Women’s basketball Bear jumps from sidelines to spotlight

Kept off the court by injuries her freshman year, Cal women’s basketball player Avigiel Cohen nonetheless became so important to the team she was named a captain — a rare honor for a freshman, let alone one who can’t play. Now a senior, Cohen is not only more active on the boards these days, she’s busier around Berkeley, too, spending what little free time she has after games, practices and classes as a tutor, volunteer and activist.

That drive got Cohen noticed by the Women’s Basketball Coaches Association: It’s named her a finalist for inclusion in the AllState WBCA Good Works Team, a squad of female athletes chosen for their leadership, volunteerism and civic-mindedness. From the 84 nominees, a voting panel led by WNBA star Tamika Catchings will pick 10 to join the team. The winning players — to be announced in February — will travel to Nashville for the 2014 WBCA Convention and NCAA Women’s Final Four, spending part of their time in the city promoting community service.

Cal senior guard Avigiel Cohen overcame setbacks on the court to become a leader both for her team and her community. GoldenBearSports.com photo.

Cal senior guard Avigiel Cohen overcame setbacks on the court to become a leader both for her team and her community. GoldenBearSports.com photo.

Cohen admits she wasn’t familiar with American basketball honors like the AllState WBCA Good Works Team until recently. Though she was born in Los Angeles, her family moved to Israel when she was 4. Still, when she told her parents about the nomination, she says they weren’t surprised.

“They know how busy I am,” she says. “I never have time to Skype them.”

Of course, her family had already had years to observe Cohen’s drive up close. Though Cohen’s sister and three brothers have all played basketball, around the age of 10 she committed herself to it in a way that was intense even for her sports-loving family.

“Basketball was my passion,” she says. “In high school, my life was mainly basketball and school – and even school wasn’t my first priority, to be honest.”

While basketball remains an important part of Cohen’s life, she says she started to reexamine her priorities after tearing a ligament in her knee twice – first during her last game as a high school player in a Tel Aviv suburb, then not long afterward during a pre-season practice of the Cal squad. Before she was even a single game into her college basketball career, Cohen had to face the fact that her days as a competing athlete were numbered.

Sidelined but not demoralized, she focused on becoming a leader off the court, going so far as independently calling a meeting when she felt that a lack of unity and team spirit had contributed to a big loss. Not long afterward, Cohen was named a captain.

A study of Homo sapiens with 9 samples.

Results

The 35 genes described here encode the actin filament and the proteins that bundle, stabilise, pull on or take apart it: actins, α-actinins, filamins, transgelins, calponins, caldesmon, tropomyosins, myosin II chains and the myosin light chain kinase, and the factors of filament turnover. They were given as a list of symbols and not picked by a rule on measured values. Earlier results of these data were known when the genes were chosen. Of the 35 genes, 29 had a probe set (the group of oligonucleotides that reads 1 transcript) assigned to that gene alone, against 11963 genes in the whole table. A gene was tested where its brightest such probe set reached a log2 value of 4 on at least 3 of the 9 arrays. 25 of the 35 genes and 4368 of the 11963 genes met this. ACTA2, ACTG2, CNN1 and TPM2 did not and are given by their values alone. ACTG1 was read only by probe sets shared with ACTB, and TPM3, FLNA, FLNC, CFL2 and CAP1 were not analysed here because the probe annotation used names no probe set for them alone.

“I came to Cal thinking I might go into business or nutrition, but once I got injured I opened my mind to sports psychology and the mental part of basketball and sports in general,” Cohen says. “So now that’s my real passion.”

One of several, actually. Cohen’s committed herself to not one but two organizations as a board member: the Berkeley Hillel and the Cal Student Athlete Gay-Straight Alliance (Cal SAGSA).

“I’m Jewish and I knew that one of the most important things I could do to make it feel more like home here would be to be close to the Jewish community,” Cohen says. “So from the start I was very involved. This year the board chose me and two other students to serve on the board of directors, so we basically represent the Jewish student voice on campus.”

“She has been an exceptional ambassador for the Jewish community to Cal athletics and is a model example of bringing together diverse communities to create a more inclusive community for all college students,” says Rabbi Adam Naftalin-Kelman, Berkeley Hillel’s executive director.

According to Cohen, it was that belief in inclusivity that led her to Cal SAGSA. As a female athlete, she says, she’s become aware of a lot of stereotypes and stigmas, and she’s hoping to help make those a thing of the past.

“I think having this group helps the overall perception that in our athletic department your sexuality doesn’t matter,” she says. “What matters is that you’re human and you’re a good athlete. We’re accepting of everybody who wants to play for Cal.”

As if her volunteer work, the women’s basketball schedule and her classes didn’t keep her busy enough, Cohen also tutors other students at the Athletic Study Center. Through that experience, she discovered yet another passion: teaching. Cohen has developed such an interest in it she even developed a class for herself to lead through the Interdisciplinary Studies department. This spring, her Student Athlete Leadership Class will explore both the special challenges and life lessons of collegiate athletics.

Cohen hopes another student will take over the class and keep it going in the future. She won’t be around to teach it after this spring, as she has two big changes ahead of her.

“I’m graduating in May and on July 1 I’m going into the army,” she says.

Military service is compulsory in Israel, with most citizens conscripted at the age of 18. As a student-athlete, Cohen won one of two deferrals the Israel Defense Forces used to grant each year. (The deferral program has since been discontinued.) After her two mandatory years in the military, Cohen hopes to return to the United States to pursue a master’s degree in sports psychology, with a Ph.D. and teaching perhaps in her future, as well.

In the end, though her injuries stymied her athletic career, they also opened up a whole new world.

“It all made me a stronger person,” Cohen says, “and one that will not regret anything.”